Some people are good at just sitting there thinking about it. And more power to you. Seriously. But my mind has a tendency to wander and oft times just not come back. So I found a new way to not only stay focused on the scriptures while I'm reading, but remember it all when I see it again.
And it's something you already know how to do. Highlight.
Let's start with Old School.
Using a highlighter pen is the way most of us learned to emphasize texts we wanted to remember. When I didn't have a highlighting pen on me, I just used my ink pen. While these two methods did serve to draw my attention back to verses that, at that moment, spoke strongly to me, they had two drawbacks.
The first drawback was, when I ran across my highlighted scripture say, six months or even years later, I could never remember what I was so excited about. I had gotten a revelation, and now it was gone.
The second drawback was, while the scripture was noted, it wasn't necessarily meditated on. Which is why it was gone.
So here's a new way to highlight your scriptures that will help set them in your minds a little more firmly.
Not only is that fine, that's the point. In the time it takes for you to highlight the verse, or multiple verses, you won't have anything on your mind but that verse. You'll be looking at it, thinking about it, admiring it's revelation... You'll be rolling it around in your head, and that's what meditation is.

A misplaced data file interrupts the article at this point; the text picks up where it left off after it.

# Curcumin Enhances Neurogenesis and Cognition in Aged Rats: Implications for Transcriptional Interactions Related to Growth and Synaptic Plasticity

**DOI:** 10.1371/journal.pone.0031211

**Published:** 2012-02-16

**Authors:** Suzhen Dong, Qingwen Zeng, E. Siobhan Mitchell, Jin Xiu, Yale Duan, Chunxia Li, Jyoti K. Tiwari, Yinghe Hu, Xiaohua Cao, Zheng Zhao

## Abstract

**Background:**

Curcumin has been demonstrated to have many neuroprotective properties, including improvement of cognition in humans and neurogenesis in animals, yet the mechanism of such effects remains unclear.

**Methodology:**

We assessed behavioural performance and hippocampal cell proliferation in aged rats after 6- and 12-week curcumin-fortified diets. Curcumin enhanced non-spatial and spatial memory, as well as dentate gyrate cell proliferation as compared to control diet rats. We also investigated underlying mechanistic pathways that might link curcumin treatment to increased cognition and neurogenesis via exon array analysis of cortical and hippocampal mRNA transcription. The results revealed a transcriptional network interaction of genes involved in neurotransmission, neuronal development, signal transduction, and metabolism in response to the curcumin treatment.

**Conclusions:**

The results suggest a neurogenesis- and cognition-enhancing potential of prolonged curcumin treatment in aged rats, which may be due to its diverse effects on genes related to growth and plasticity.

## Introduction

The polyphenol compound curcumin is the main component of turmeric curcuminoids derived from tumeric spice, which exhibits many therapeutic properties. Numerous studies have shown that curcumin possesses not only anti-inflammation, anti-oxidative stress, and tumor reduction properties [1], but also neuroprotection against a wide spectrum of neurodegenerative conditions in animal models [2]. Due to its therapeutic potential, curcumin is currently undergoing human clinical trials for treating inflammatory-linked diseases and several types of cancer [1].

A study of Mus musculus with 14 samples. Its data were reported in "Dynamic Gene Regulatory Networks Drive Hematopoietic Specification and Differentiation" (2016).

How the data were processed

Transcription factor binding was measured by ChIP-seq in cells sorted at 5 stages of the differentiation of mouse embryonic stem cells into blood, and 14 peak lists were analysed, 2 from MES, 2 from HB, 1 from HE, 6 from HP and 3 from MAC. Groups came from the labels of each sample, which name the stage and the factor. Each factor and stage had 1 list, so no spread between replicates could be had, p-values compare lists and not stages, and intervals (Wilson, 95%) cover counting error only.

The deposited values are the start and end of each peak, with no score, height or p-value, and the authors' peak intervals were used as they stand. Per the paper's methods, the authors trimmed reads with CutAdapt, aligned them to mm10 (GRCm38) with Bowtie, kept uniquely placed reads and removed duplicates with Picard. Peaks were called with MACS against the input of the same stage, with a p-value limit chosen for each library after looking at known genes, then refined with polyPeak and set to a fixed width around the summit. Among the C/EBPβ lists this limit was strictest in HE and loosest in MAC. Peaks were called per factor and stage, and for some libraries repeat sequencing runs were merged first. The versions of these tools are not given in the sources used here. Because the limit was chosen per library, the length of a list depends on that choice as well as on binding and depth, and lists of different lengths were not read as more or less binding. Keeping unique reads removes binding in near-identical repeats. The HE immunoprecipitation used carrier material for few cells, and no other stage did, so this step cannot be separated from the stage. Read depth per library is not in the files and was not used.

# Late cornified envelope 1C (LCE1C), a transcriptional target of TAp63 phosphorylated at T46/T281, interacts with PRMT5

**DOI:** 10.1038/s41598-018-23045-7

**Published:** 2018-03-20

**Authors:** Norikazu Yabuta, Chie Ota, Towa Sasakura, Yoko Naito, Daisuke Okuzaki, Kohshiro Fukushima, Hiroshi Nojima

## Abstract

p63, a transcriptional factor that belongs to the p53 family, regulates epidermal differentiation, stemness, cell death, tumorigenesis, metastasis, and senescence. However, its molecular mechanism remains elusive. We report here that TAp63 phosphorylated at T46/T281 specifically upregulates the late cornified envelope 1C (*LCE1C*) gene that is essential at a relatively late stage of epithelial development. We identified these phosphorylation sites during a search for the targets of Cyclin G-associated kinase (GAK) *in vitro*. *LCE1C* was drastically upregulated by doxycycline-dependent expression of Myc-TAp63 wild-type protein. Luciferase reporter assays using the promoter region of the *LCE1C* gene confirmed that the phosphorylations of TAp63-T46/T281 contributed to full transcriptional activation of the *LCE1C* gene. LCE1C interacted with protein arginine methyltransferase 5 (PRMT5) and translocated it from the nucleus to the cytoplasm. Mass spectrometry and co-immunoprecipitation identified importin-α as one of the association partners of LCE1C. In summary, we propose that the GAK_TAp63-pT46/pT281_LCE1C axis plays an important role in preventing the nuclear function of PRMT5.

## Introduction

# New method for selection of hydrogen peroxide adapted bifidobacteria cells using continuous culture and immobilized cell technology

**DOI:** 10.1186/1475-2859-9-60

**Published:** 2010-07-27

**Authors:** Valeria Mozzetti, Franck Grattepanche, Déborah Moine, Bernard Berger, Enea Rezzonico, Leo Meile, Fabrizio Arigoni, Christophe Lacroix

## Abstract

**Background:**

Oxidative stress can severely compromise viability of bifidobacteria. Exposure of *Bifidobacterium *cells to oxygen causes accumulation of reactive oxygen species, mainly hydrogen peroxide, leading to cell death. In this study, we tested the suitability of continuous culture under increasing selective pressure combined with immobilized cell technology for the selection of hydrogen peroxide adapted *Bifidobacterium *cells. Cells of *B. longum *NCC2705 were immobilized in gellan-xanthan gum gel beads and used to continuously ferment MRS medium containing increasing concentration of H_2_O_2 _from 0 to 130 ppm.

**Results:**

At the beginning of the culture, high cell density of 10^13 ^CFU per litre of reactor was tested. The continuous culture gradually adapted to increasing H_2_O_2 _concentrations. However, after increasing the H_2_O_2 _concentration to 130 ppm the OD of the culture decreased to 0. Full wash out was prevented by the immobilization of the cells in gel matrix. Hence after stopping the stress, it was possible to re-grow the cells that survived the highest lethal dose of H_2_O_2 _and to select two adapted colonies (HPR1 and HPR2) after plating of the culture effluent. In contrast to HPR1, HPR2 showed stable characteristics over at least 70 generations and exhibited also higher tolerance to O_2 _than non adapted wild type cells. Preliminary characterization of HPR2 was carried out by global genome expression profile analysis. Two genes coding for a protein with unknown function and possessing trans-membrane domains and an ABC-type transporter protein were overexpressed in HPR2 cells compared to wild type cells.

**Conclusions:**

Since colored pencils don't create an opaque color, meaning you can see right through it, you'll find you no longer feel compelled to create neat rectangles around the verse. It's not going to matter that it overlaps other verses a bit.
You don't actually need to create a solid block of color, if you don't want to.
Here I was enthused about the whole Psalm. And I'm fond of drawing curvy lines.
I did want to give emphasis to certain areas, though. I put what looked like flames of fire over verses 7 and 8, and highlighted the word "glory" in verse 9 with a yellow glow.
Verse 3 mentioned waters, so there's a lot of blue there. Verse 9 mentioned forests, so I added green swirls instead.
Remember, color can do as much to remind you of what you are learning as figurative drawings. Sometimes just colors, and maybe just symbols, are enough.
If you're into more orderly, geometric shapes, go for it. There are no Bible study police peering over your shoulder. I checked. Nothing in Deuteronomy against it, either.
What's going on here are two separate studies.
The green and yellow botanical looking highlights were meant to highlight verses 19-21, verse 23 and verse 29.
But when I was studying something else, later, I wanted to emphasize them, also, but not have them get mixed up with my first study.
This is why you want bunches of colors. I chose a different color scheme and went for swirled shapes instead of plant-like ones.
Now when I re-read that passage, I skip right over the other study.
The first study, I see, had to do with God re-establishing teachers in Israel.
The second study was more strongly apocalyptic when I read it. These could still be read as one long passage, but it doesn't have to be.
It's hard to make colored pencils look bad. And your main purpose is to slow down and give yourself time to absorb God's Word so it can settle into your heart.